With the recent BlackBerry service debacle, where users were left without BlackBerry Internet Service 10-13 October, it’s become evident that more people are becoming increasingly reliant on their smartphones – they can’t go a day without BBM, Facebook, Twitter, Whatsapp and access to the internet. If you found yourself feeling lost and craving the rush you get from sending and receiving BBMs when services went down, you may need to look deeper…
Joanne Brodie, an addiction counsellor, says the behavior of an addict becomes all about their cellphone as they become more popular and easily accessible. Their capacity to chat on their smartphone is insatiable and they put themselves at risk by using their phones at inappropriate times, like chatting while driving. Interpersonal relationships suffer because they are always on their phones.
How to monitor the time you spend on your smartphone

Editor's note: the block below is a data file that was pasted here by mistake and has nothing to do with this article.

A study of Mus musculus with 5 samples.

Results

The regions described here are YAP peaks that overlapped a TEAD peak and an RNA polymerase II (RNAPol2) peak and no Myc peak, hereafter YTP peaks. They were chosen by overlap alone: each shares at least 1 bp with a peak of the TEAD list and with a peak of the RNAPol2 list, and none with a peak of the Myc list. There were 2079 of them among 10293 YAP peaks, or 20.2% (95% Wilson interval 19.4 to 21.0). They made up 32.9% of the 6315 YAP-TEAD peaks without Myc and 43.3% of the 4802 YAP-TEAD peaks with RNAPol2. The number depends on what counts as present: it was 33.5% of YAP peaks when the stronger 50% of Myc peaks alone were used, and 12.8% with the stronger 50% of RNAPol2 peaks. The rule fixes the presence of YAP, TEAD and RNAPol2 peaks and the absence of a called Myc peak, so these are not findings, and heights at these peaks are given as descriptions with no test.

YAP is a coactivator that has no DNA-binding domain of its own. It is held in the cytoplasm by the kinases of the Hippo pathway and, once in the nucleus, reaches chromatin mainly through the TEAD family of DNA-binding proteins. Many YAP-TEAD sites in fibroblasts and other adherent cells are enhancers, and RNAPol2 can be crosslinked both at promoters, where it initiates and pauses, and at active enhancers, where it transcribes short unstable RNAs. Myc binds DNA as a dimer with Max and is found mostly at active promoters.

Brodie offers the following advice regarding smartphones and setting boundaries:
• You need to set boundaries or limits, like deciding to only use your smartphone at certain times.
• If you really don’t need to get your emails on your phone, set your data device accordingly.
• Check how many apps you have and how many you actually use on a daily basis.
• If you are a BBM user, go through your BBM contacts and decide who really needs to be there.
• Don’t use your phone at mealtimes and don’t take your phone to restaurants. If you must, keep it on silent and have the courtesy to not touch it until you leave the restaurant.
• If you are using social media on your phone, investigate how involved you are on Facebook, Twitter and any other social networks. Decide if it is absolutely necessary for your wellbeing. If not, delete the application on your phone.